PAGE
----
Paying For Schools

Schools are essential and the need to educate our children is not negotiable. The 2020-21 budget package maintained school funding based on 2019-20 attendance levels, which essentially placed a funding cap on all schools, even those experiencing high levels of growth.

Prior to enactment of this year’s education trailer bill (SB 98), school districts were “held harmless” over declining year-to-year enrollment. If the district lost students, it would still be funded at last year’s level. If the school added students, it would receive more money. But under SB 98, a growing school does not generate more money. If the school has 10% or even 100% more kids, it receives funding based on the same number of students it served last year

Each student typically generates an average of $10,300 through the Local Control Funding Formula (LCFF). A recent analysis projects LCFF costs that are more than $500 million lower than the amount budgeted in 2020-21 due to this change in attendance funding. Let me be clear this money for schools was included in the budget, but unless the law is changed, growing schools will not receive it. These restrictions fall on charter schools as well as traditional schools in areas experiencing rapid growth, such as southwest Riverside and north inland San Diego Counties in my District. Conversely, areas not experiencing much growth, like Los Angeles and San Francisco, may see little impact.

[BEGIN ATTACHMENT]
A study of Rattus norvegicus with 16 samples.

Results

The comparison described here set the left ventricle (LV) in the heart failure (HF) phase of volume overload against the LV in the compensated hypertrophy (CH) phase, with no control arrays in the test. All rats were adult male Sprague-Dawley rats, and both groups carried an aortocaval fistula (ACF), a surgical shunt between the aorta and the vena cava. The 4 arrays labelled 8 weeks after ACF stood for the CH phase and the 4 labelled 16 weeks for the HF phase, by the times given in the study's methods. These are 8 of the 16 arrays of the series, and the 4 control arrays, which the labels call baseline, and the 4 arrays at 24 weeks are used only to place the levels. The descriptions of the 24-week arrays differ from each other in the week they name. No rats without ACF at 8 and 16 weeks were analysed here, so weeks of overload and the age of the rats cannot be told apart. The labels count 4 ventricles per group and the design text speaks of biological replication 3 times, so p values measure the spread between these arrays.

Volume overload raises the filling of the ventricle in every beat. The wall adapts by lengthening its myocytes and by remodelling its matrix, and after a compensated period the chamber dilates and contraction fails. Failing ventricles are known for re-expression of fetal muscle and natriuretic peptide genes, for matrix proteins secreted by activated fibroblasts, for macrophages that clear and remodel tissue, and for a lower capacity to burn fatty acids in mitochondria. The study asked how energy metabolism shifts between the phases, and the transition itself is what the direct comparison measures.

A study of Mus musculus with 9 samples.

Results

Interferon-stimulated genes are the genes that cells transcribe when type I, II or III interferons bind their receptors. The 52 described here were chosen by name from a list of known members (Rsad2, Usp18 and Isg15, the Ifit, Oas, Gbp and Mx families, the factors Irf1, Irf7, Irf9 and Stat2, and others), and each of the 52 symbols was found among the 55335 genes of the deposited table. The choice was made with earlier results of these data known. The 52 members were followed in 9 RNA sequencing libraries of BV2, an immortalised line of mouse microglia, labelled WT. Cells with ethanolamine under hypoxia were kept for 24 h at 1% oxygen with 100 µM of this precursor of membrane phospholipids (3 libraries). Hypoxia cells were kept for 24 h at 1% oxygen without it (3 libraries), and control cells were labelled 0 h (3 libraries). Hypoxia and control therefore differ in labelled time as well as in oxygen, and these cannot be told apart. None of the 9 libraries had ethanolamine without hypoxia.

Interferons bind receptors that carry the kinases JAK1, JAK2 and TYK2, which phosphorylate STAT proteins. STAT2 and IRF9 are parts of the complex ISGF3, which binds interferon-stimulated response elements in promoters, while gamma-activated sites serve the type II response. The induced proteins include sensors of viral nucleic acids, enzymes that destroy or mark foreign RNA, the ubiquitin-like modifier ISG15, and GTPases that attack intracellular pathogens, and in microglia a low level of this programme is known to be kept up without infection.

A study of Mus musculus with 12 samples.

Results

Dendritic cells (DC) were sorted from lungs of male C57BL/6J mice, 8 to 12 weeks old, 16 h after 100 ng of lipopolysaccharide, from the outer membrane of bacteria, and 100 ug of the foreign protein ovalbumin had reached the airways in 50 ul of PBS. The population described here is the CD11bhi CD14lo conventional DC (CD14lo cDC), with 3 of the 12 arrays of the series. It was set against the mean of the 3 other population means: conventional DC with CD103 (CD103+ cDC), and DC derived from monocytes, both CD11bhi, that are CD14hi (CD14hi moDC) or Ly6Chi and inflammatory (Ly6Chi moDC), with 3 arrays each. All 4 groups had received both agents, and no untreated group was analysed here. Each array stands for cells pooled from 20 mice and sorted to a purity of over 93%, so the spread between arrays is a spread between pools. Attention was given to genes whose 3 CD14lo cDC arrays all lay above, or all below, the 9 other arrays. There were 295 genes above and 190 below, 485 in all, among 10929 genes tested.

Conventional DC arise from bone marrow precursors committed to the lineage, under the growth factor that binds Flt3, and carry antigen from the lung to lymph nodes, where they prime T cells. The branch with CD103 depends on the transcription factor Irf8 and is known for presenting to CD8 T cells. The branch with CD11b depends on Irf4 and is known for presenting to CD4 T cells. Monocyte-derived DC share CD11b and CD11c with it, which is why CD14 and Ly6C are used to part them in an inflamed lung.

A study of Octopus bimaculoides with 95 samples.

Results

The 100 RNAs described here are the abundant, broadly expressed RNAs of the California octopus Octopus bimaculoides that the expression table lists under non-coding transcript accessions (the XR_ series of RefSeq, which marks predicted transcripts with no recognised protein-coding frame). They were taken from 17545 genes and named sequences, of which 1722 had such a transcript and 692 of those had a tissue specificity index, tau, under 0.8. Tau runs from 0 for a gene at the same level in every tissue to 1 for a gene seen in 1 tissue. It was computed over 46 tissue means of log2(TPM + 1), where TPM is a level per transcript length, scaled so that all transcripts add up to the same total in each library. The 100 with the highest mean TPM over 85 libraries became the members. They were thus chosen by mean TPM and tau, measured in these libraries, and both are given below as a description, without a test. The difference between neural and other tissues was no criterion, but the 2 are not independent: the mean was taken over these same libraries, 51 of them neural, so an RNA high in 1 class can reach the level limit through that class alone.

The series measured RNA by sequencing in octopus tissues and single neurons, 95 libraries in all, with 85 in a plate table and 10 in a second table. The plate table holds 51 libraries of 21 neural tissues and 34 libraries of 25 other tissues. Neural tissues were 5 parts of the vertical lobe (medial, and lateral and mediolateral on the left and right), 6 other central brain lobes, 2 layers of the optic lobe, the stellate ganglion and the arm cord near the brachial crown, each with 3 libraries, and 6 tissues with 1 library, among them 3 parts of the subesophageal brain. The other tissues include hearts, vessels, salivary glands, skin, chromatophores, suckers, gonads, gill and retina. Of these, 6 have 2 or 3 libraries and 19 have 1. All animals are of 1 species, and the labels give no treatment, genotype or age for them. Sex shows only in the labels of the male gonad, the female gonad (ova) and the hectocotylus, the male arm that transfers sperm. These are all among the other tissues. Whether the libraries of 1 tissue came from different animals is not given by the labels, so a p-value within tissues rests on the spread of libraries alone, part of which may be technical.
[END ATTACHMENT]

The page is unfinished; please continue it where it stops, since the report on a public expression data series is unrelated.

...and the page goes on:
That’s why I joined many of my Assembly colleagues in a letter to Governor Newsom asking that this funding formula be revised. In his budget-signing message, the Governor indicated that he recognized problems with this formula and that changes would be necessary.

The money for schools was included in the budget. It’s imperative that we change the law to ensure funding for all our growing schools.